Germany’s private banking trade body has today blasted a new piece of EU regulation aimed at increasing transparency and similarity across the EU’s securities markets.
The second Markets in Financial Instruments Directive (Mifid II) was welcome in principal, according to the Association of German Banks’ head Michael Kemmer.
But he said that the proposals would cost German banks €1bn and lead to an “information overload” for bank customers.
“Banking regulation has lost sight of the big picture,” said Kemmer. “A large number of good individual measures don’t necessarily make a coherent whole. At over 20,000 pages, the sheer size of Mifid II shows that it is mired in detail and goes far too far.”
Kemmer said that the requirement in Mifid II for firms to record certain calls which relate to transactions would “undermine the trust” between banks and consumers.
But Nick Bayley, a compliance expert at corporate advisory firm Duff & Phelps and former head of department in the Financial Conduct Authority, believed Kemmer’s criticism might be misplaced.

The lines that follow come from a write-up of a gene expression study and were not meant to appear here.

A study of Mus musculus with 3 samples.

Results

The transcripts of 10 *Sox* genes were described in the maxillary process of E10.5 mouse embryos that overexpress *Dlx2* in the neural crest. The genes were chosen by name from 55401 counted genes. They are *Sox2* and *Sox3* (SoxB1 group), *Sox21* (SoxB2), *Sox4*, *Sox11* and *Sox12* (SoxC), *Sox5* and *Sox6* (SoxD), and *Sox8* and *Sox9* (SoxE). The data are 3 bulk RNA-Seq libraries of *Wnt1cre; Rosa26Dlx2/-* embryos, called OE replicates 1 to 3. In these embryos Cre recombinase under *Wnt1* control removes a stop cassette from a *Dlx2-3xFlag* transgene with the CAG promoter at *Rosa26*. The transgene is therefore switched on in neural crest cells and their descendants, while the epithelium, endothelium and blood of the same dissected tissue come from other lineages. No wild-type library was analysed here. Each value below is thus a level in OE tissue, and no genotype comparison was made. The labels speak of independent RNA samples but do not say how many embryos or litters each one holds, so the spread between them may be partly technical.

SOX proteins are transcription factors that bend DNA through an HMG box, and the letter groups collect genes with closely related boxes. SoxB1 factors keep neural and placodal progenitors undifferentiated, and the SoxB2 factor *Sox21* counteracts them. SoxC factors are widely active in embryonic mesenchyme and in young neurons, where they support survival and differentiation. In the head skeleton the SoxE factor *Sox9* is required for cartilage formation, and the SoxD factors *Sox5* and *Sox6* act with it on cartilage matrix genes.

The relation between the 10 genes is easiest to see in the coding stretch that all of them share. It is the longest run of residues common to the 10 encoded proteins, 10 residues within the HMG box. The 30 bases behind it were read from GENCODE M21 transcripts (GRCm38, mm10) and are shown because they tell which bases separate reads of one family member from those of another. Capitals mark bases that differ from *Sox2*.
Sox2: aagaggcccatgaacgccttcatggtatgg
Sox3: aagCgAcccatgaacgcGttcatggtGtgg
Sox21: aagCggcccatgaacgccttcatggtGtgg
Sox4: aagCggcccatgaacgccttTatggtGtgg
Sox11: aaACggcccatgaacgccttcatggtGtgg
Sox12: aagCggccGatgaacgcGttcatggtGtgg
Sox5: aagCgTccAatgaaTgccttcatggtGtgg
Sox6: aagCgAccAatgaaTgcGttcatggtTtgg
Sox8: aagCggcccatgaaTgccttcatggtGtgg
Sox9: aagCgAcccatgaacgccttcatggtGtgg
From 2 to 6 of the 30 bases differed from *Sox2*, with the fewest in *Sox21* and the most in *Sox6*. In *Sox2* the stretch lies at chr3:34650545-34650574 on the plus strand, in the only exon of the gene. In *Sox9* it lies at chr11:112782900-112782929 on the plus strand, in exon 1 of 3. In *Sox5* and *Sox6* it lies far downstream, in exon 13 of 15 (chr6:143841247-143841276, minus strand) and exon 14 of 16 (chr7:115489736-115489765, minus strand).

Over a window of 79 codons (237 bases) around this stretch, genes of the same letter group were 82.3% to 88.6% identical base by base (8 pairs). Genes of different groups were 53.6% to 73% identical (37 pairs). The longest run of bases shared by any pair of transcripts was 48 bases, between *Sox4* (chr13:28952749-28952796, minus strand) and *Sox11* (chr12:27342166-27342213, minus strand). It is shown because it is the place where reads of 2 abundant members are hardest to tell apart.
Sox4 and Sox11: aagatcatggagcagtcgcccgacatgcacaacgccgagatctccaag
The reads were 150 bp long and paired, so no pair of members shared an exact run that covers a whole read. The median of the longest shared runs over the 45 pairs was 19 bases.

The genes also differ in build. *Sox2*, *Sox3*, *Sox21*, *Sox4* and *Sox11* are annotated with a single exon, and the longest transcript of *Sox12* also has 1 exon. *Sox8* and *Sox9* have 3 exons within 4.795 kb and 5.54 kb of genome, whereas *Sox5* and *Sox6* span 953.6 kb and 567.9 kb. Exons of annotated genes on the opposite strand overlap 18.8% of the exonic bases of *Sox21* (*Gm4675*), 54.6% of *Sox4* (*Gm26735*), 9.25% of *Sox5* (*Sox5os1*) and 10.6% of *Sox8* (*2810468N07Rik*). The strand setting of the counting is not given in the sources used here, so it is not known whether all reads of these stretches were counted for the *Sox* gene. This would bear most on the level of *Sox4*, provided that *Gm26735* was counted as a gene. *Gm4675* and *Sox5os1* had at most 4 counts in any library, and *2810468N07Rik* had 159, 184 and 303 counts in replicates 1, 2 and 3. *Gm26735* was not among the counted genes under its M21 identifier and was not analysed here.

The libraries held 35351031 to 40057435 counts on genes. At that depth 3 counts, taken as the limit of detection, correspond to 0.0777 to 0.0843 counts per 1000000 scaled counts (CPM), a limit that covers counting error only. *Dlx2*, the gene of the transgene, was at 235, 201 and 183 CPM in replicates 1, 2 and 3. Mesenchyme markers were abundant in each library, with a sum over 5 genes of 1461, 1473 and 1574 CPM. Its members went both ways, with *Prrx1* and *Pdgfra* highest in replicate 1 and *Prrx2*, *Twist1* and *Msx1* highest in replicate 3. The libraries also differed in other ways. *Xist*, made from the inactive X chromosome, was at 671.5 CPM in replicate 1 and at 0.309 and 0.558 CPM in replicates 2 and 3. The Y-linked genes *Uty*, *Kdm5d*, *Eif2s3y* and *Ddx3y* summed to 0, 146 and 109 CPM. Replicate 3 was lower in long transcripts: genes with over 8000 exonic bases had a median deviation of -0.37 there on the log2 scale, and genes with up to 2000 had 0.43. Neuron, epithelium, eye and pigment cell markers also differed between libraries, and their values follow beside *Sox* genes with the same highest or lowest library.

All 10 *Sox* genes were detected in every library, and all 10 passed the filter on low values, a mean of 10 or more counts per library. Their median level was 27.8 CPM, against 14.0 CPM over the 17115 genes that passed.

“The requirements [on telephone recording] are there predominantly for investor protection and improve market surveillance,” said Bayley. “I think they do help protect consumers.”
He added that it was unlikely a bank would have to record all calls with consumers under Mifid II, since the new rules say that calls must only be recorded if they involve advice which leads to a securities transaction actually being executed.
Kemmer also complained that banks would have to send out “tons of paper” to comply with the information requirements in Mifid II.
“There are, I agree, several new requirements in Mifid II for firms to provide periodic information to their customers,” Bayley said.
“In some cases these requirements can be a bit burdensome for banks, but there’s nothing in there that you would say is unreasonable.”